Jerusalem (CNSNews.com) – The arrests of half a dozen residents of an Arab village in Israel’s far north accused of smuggling collaboration with Hezbollah has drawn fresh attention to the Lebanese terrorist group’s efforts to work with Arab citizens of its reviled enemy.
The six men, all hailing from Ghajar, an Israeli town straddling the Lebanese border, allegedly ran a cross-border drug and weapons smuggling network with operatives of the Shi’ite group.
A joint operation between the Israeli military, the Shin Bet domestic intelligence agency and national police saw them arrested throughout September, suspected of smuggling explosive devices and drugs, conspiring with and gathering intelligence for Hezbollah, and planning attacks on Israeli civilians.
After explosives were found by an Israeli farmer in an orchard in a nearby town, a two-month investigation led authorities to the group in Ghajar. Indictments were filed on Oct. 6 although no court date has yet been announced.
(Ghajar’s status has long been contentious. The area came under Israeli control when Israel seized the Golan Heights from Syria during the 1967 Six Day War. Some pre-1967 maps place Ghajar in Syria and some in Lebanon, and the exact location of the international border is in dispute. Since 2000 the town has been split between Lebanese and Israeli territory. Most of the residents are Alawi, the offshoot of Shi’ism that is also practiced by Syrian President Bashar al-Assad.)
According to Shin Bet, “a number of cases” of smuggling routes between Hezbollah’s southern Lebanon stronghold and northern Israel have been uncovered in recent years. Established drug smuggling routes are also appropriated to smuggle weapons.
In 2012, just over 44 pounds of C4 was found in one such operation. Several Israeli Arabs in Nazareth and Ghajar were arrested in connection with the discovery.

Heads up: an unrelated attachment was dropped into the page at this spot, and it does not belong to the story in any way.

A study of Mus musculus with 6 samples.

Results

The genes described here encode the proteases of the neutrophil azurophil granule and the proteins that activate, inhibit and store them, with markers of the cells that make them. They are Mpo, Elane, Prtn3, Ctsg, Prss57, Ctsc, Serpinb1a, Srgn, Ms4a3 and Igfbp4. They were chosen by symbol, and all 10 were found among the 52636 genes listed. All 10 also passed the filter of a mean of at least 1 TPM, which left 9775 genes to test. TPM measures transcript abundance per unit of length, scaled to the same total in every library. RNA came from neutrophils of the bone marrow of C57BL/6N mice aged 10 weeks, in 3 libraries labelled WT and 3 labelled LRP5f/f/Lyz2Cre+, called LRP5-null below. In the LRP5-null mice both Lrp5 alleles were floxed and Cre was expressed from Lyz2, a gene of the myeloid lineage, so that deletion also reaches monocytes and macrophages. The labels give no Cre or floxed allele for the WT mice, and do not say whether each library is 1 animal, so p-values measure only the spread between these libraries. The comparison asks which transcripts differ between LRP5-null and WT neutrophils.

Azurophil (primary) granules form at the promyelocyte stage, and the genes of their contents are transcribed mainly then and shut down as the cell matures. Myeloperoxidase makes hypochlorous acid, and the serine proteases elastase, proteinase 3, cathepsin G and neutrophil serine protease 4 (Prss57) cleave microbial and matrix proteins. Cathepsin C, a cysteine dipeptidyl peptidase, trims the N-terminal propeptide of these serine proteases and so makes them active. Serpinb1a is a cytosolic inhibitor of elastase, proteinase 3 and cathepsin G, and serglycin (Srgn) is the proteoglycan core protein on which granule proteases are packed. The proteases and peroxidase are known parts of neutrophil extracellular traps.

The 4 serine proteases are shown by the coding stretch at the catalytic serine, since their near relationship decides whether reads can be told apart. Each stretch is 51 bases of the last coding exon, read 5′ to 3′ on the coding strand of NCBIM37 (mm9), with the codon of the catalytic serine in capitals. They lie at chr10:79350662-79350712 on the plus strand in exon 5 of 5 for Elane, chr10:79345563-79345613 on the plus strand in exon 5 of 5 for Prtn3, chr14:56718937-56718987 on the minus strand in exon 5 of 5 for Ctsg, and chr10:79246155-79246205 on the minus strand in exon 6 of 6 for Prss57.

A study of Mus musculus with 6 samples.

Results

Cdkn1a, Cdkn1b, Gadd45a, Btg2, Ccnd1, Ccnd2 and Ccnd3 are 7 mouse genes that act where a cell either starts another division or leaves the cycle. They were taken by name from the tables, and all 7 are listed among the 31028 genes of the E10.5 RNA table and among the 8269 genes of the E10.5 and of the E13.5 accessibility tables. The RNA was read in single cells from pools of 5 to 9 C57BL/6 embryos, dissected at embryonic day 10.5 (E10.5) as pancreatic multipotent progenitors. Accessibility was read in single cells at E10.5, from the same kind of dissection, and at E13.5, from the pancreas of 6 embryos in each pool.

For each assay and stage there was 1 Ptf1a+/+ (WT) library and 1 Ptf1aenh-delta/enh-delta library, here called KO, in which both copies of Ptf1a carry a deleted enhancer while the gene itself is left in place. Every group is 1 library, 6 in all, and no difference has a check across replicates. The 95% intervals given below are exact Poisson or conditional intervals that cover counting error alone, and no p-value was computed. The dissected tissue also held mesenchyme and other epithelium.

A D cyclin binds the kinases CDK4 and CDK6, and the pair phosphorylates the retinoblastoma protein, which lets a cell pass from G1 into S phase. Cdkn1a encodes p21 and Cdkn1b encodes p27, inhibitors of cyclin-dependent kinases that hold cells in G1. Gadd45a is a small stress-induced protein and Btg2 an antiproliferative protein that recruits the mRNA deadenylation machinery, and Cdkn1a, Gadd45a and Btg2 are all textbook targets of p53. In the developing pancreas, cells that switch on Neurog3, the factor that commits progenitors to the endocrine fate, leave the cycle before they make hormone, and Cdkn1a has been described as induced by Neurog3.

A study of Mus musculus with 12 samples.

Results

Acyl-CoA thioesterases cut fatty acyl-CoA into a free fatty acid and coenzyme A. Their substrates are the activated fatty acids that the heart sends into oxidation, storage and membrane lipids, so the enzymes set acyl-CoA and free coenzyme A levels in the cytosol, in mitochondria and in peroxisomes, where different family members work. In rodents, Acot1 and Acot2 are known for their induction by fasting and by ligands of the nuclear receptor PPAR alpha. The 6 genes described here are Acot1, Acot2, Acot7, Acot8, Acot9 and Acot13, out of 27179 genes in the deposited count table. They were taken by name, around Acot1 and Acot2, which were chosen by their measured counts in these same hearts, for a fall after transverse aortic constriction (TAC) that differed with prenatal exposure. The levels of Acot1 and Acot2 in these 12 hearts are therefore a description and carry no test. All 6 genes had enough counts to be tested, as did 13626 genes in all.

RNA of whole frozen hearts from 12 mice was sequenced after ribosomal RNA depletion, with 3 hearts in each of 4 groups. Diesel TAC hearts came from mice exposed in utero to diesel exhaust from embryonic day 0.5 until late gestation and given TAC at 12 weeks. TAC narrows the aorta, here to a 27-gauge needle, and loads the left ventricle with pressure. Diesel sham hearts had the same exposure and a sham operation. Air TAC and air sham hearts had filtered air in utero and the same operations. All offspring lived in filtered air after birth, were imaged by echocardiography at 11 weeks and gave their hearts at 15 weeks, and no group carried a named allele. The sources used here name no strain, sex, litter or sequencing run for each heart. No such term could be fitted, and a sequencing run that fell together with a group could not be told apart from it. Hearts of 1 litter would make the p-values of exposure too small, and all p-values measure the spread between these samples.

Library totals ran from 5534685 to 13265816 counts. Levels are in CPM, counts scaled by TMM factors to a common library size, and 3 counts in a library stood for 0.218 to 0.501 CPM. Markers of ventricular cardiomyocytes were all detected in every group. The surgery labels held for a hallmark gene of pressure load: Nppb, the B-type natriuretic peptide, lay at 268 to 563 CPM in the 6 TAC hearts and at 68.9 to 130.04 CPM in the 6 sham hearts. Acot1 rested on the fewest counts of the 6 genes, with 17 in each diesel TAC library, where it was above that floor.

C4 is a powerful explosive and frequent weapon of choice in terrorist attacks – reportedly including suicide bombings carried out by the Islamic State of Iraq and Syria (ISIS/ISIL).
The alleged leader of the Ghajar group, named as Diab Sa’ad Jemil Kahmouz, is the son of a known drug dealer and Hezbollah operative on the Lebanese side of the border. Sa’ad Kahmouz fled to Lebanon from Ghajar some years ago.
According to the investigation, the Kahmouz father and son corresponded via encoded email about operations in Israel including plans to bomb a plant near the coastal city of Haifa, and a busy bus stop used as a connection point for soldiers traveling throughout the country.
Moving weapons is a decidedly more complex operation than moving drugs, but both require the cooperation of accomplices on the Israeli side of the border.
Hezbollah plays the leading role in such operations, according to Shin Bet, by “facilitating and orchestrating drug activity in Southern Lebanon and ... operating in order to smuggle weapons into Israel via the drug smuggling routes.”
In the Ghajar arrests, Israeli intelligence indicated that the men were working hand-in-glove with Hezbollah to smuggle drugs and weapons throughout Israel’s northern border areas. The suspects were also allegedly helping Hezbollah to gather intelligence from on possible targets to attack.
Eric Bordenkircher, a researcher with UCLA’s Center for Middle East Development and an expert on politics in Lebanon, said northern Israel has been of particular interest to Hezbollah for some time.
“Northern Israel has a higher number of Arabs – predominantly Arab villages – than the rest of the green line Israel,” Bordenkircher said in an email. “There are seven villages that are predominantly Shia which Hezbollah has remarked in the past that it wants incorporated into Lebanon. Whether this is a realistic objective or an excuse for it to maintain its weapons is another issue.”
Bordenkircher added that the willingness of Israeli Arabs to take part in drug and weapons smuggling could be partly due to lack of opportunity and “growing animosity between the Arab and Jewish communities as a result of the failure to resolve the Palestinian issue.”
Though the Israel-Lebanon border has been relatively quiet since the 2006 war, Bordenkircher notes that Hezbollah’s secretive nature makes it difficult to determine the group’s current weapons cache, strength, and numbers.
The terrorist organization has made some definitive statements, though.
“Since the outbreak of conflict in Syria, Hezbollah has publicly claimed that it remains ready to fight Israel,” said Bordenkircher. “However given the level of Hezbollah’s involvement in the Syrian conflict it would appear to be in Hezbollah’s interests that the border with Israel remains quiet for at least the time being.”